Friday, May 18, 2012

The best of Storify

There is this nifty little app called Storify that increasingly more journalists are tinkering with. It's a way to tell a story using web elements: Tweets, Facebook posts, links, blog excerpts, pictures, maps, Pinterest -- you name it.

When I imagine the future of "print" journalism, I see something like this.

So now the question is how to use it right?

As Poynter explains it, "Storify can turn news into conversations." This works best for highlighting social media, event reactions, quoting direct sources and documenting an experience.

Here is my latest Storify experiment, which will run alongside my full story on the topic:

The "go-nowhere generation?" Are today's young adults really going nowhere with their lives?

Poynter also lists its favorite five ways to use Storify:  Social movements, breaking news, Internet humor, reaction stories and weather reporting.

Here is my list of ways to use Storify, with some of my favorite stories.


* A visual way to organize information. Here is an easy-to-read compilation of a ton of info (including scanned documents, maps, links and videos) on a newsy story. 

* As a slideshow. Adding '/slideshow' to any storify will make a slideshow of your post. The last slide is the embed code. I really like this because I think it solves one of the biggest problems with Storify: the tedious scrolling down the page.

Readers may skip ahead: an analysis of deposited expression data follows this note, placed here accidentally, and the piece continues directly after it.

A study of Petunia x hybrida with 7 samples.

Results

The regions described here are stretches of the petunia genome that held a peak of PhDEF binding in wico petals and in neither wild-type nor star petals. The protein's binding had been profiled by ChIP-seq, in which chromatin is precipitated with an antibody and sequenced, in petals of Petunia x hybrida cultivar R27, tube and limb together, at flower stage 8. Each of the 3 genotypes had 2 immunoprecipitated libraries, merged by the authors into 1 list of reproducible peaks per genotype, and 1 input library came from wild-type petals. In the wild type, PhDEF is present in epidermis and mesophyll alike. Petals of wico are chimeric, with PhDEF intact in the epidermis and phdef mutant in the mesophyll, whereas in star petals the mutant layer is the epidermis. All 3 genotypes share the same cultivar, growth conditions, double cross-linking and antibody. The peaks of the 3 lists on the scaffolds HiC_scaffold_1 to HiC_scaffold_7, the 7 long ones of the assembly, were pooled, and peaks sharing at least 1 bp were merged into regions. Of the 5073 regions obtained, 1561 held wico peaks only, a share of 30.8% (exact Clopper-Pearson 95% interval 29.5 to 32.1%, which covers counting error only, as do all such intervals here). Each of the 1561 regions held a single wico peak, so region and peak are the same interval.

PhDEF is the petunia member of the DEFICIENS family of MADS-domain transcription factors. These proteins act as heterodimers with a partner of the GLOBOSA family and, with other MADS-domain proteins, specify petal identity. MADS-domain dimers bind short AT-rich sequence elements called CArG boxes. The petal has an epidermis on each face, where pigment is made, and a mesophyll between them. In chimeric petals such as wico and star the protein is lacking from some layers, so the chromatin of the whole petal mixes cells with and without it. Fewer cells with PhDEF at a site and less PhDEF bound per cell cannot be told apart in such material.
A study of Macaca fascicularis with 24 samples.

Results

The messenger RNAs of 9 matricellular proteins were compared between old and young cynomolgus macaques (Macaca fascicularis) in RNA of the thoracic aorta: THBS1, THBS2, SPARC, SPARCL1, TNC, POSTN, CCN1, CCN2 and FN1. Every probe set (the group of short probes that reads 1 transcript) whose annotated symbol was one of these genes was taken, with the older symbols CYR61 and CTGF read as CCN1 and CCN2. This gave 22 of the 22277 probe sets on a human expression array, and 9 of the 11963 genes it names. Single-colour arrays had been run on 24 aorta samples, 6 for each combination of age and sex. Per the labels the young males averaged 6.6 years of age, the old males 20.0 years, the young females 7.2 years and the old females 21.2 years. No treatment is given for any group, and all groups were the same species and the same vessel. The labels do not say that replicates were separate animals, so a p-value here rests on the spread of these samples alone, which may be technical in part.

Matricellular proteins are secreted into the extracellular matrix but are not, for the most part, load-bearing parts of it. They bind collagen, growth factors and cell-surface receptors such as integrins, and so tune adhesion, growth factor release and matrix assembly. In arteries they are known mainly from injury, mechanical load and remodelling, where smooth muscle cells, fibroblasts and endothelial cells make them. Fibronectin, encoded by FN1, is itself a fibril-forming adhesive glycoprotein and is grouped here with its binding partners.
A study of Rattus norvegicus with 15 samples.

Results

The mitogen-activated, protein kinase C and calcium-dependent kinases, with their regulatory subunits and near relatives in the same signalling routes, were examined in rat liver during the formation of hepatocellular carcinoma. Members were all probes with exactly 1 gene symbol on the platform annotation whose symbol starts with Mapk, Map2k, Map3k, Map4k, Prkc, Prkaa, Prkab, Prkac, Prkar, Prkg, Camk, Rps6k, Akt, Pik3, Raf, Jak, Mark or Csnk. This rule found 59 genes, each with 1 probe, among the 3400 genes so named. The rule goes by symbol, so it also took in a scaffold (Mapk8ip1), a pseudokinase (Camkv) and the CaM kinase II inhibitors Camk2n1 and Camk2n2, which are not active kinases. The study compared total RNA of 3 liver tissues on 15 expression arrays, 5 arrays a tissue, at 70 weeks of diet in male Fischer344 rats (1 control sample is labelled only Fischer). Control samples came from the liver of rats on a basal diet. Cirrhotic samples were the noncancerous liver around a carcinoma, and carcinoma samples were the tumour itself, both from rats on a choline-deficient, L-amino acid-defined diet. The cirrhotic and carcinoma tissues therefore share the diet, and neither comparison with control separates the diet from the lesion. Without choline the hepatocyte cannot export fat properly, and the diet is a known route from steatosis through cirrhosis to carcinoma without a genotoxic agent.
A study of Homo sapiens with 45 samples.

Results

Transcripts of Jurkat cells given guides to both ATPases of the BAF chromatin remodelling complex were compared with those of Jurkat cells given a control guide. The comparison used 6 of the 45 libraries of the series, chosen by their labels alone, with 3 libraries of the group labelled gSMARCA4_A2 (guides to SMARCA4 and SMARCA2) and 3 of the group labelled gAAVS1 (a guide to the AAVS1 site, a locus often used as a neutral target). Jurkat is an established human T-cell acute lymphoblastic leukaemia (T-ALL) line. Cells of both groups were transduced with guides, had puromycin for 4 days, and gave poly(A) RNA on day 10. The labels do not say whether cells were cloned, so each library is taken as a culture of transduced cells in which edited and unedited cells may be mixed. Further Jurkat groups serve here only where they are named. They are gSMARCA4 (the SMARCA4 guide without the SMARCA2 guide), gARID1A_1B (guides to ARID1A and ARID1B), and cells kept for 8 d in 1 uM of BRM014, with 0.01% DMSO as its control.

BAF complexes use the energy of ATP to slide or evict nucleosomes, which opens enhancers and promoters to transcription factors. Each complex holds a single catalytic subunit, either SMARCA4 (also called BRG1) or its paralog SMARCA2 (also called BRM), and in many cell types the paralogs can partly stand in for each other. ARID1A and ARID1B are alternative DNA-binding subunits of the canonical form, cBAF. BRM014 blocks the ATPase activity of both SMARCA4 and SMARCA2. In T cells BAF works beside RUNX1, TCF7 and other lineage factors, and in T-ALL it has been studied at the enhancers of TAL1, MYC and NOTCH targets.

* A way to tell the story largely through the words of others.

* Or through the images/videos of others. Here is a great, new way to cover weather stories.

* A first-person story/travelogue. This is the reporter's tale of Bike to Work Day. This type of story works well because it sort of flows geographically. Journalist John Brewer put it perfectly when he said Storify is great to add breadth, but not necessarily depth, to a story.


* A way to do man-on-the-street questions (but online), or gather community reaction to a story (and pair the Storify with your story. For example, Longmont has a new pole dancing studio. Along with a story about the opening of the studio, ask the community via Twitter/FB what they think about it and Storify their responses). This sort of reminds me of reader comments, yet put together in a meaningful way.
Here is a compilation of Twitter reactions to Obama's announcement that he supports gay marriage: 

* A way to report information when the reporter can't be on the scene. An example might be a wildfire/natural disaster or an event in another state.

* As a timeline/chronology.

* For fun

* To pile up resources/links and related stories.

* As a first-person account of an experience. (Might be a great way to do a workout of the week or even dining review. I would love to see a dining review like this.)

* As a way to drive traffic to the news site in different ways. Always link back to the news website and possibly to a folo story that will be online and in print. Add links to other stories that could be related, too. 

* A way to organize and present Pinterest photos.